Back to the Good Fortune Diner, Vicki Essex

Written by Natalie Luhrs

I'm a lifelong geek with a passion for books and social justice. Fuck around and find out.


Back to the Good Fortune Diner, Vicki Essex

Back to the Good Fortune Diner, Vicki Essex

This is part of the book club discussion being hosted over at Something More–consequently, this post is full of spoilers!

Before I say anything else, I want to say that I am so very glad that Vicki Essex’s Back to the Good Fortune Diner exists. There aren’t enough WoC female protagonists in mainstream romance and I suspect that there aren’t many interracial relationships either. I’m still very new to contemporary romance and categories in particular so I could be very wrong about this!

This book has a lot to recommend it–the prose is easy to read and Essex’s voice is very good. Tiffany and Chris are sharply and consistently characterized as are all the secondary characters. There’s a large supporting cast in this book, but I never felt lost or confused. Tiffany’s internal monologue is especially good.

The basic story is that Tiffany loses her job in publishing and after getting evicted from her apartment, comes back to the small town where her parents own a Chinese restaurant and where she grew up. There, she re-encounters one of her former tutoring clients and he hires her to help his teenage son through summer school. During the course of this, Tiffany and Chris re-connect and fall in love–although Tiffany appears to be so prickly and standoffish that I wasn’t always sure why Chris interested in her.

There were some continuity problems–Chris’s dad lost his leg in a farming accident and his high school sweetheart got pregnant (after begging him to have sex with her once without a condom) and I never could figure out which of these things was the real reason Chris dropped out of school–well, they’re both real reasons, but which one was the true trigger? If it had just been one or the other, would he have still come home? Or would he have stayed in school?

I also had a hard time buying Tiffany’s life in NYC–she has a cockroach infested apartment in over a restaurant in Chinatown that she gets evicted from but she was able to afford to keep her car (my understanding that parking in the city can be equivalent to rent on an apartment)? And I had an even harder time buying into her fiscal irresponsibility. It seemed very out of character for her to be that deeply in debt and it felt like a plot device for her to need to get a job as quickly as possible after returning to Everville.  It’s barely mentioned except when it comes to her taking her clothing to the consignment shop and as a reason for her to take on the tutoring job with Simon.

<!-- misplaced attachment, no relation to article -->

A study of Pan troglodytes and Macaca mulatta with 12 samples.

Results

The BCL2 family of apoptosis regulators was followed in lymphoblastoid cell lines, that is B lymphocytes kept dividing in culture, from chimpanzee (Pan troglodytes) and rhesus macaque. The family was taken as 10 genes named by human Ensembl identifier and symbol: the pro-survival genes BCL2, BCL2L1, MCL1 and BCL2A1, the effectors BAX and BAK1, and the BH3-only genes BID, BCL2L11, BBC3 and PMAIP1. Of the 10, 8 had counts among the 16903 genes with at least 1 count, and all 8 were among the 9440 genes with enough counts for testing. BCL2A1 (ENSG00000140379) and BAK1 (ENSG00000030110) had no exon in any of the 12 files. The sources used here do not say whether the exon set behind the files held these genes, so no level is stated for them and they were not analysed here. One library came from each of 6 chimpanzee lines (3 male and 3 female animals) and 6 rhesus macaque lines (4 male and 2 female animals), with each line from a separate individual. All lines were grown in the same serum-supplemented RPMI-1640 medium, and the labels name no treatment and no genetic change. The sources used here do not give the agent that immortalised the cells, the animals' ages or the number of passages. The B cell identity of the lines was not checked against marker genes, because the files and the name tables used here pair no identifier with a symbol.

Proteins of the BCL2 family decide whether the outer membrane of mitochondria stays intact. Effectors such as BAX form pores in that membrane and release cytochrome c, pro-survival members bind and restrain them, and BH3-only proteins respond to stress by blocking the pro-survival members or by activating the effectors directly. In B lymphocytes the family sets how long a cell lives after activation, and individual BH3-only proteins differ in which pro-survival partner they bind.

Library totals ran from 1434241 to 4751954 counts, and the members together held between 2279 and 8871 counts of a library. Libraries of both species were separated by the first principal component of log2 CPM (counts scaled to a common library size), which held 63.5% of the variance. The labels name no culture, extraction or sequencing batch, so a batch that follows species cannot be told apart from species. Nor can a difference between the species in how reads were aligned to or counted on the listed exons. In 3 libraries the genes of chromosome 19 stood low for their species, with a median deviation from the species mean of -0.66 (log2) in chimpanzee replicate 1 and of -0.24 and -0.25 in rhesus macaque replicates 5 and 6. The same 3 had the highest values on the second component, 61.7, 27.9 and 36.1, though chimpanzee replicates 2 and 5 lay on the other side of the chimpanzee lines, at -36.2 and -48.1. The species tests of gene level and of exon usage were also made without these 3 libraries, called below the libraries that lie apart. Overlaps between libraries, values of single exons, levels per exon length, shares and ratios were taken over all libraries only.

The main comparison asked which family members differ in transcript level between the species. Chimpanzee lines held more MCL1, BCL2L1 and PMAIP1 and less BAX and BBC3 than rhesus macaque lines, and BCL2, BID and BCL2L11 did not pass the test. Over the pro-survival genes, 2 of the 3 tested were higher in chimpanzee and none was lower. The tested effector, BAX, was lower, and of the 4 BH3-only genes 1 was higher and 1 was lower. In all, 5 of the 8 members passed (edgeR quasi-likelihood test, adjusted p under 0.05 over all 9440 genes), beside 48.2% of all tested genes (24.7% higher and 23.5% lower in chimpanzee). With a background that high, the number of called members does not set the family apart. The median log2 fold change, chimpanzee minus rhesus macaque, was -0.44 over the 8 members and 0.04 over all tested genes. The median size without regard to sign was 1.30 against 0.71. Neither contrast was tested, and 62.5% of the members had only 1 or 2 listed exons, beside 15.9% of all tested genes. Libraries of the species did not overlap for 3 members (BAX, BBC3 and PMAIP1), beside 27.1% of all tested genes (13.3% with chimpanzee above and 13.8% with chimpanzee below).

Additionally, I felt like the reason that the Cheungs moved to Everville to be a bit contrived and, dare I say it, a bit Spider-Man-ish. I understand their desire to move out of the city, but for Tiffany’s father to give up what I expect was a relatively lucrative engineering job for a Chinese restaurant? I know a lot of immigrants end up working outside the fields in which they’ve been educated, but this didn’t feel like that kind of decision at all.

Chris’s father is an unvarnished racist and I really liked the way the text didn’t pull any punches with that. I did not, however, believe his change of heart after Tiffany finally calls him on it. It really didn’t work for me–what would have worked would have been William resolving to change his ways and still screwing up and Tiffany continuing to call him on it. Changing that kind of thinking is an ongoing process and no one is perfect.

I also really disliked Tiffany’s parents–they are fighting constantly and at one point Tiffany’s brother, Daniel, describes being beat with a piece of bamboo until Tiffany screamed. It just felt really unhealthy and borderline abusive. I know that Chinese cultural norms around the family can be very different from North American ones but even this felt like it was too, too much.

This last specific complaint refers to something that was mentioned once but it really upset me and left a bad taste in my mouth–early in the book, Tiffany is talking about what a rebel Chris was even though he was quarterback of the football team. One thing she cites as evidence of his rebelliousness is his attitude towards the “obesity epidemic”. First of all, assuming that this book takes place in 2012/13 and that they were in high school 14 years ago (about Simon’s age), that would have been 1998. That’s the year that the BMI guidelines were changed in the US and a lot of people who hadn’t been fat before suddenly became fat. In other words, there was no obesity epidemic when Chris was the quarterback of the football team. And since when is hating fat people rebellious? Last time I checked, it was pretty fucking mainstream and has been for years.

And finally, it bothered me that Tiffany had to realize that her dream job sucked in order for there to be a HEA. Chris doesn’t have to make any changes in his life and Tiffany’s brother is able to do what he wants and still get to try for a relationship with his internet girlfriend but Tiffany has to give up her dreams? It really made me think about a conversation I observed on Twitter between @MaryAnnVadnais and @Miss_Shelley_H on the conservatizing influence of the small town in romance. Tiffany’s world is made smaller and safer by her decision to give up on her dream and that made me really, really sad for her.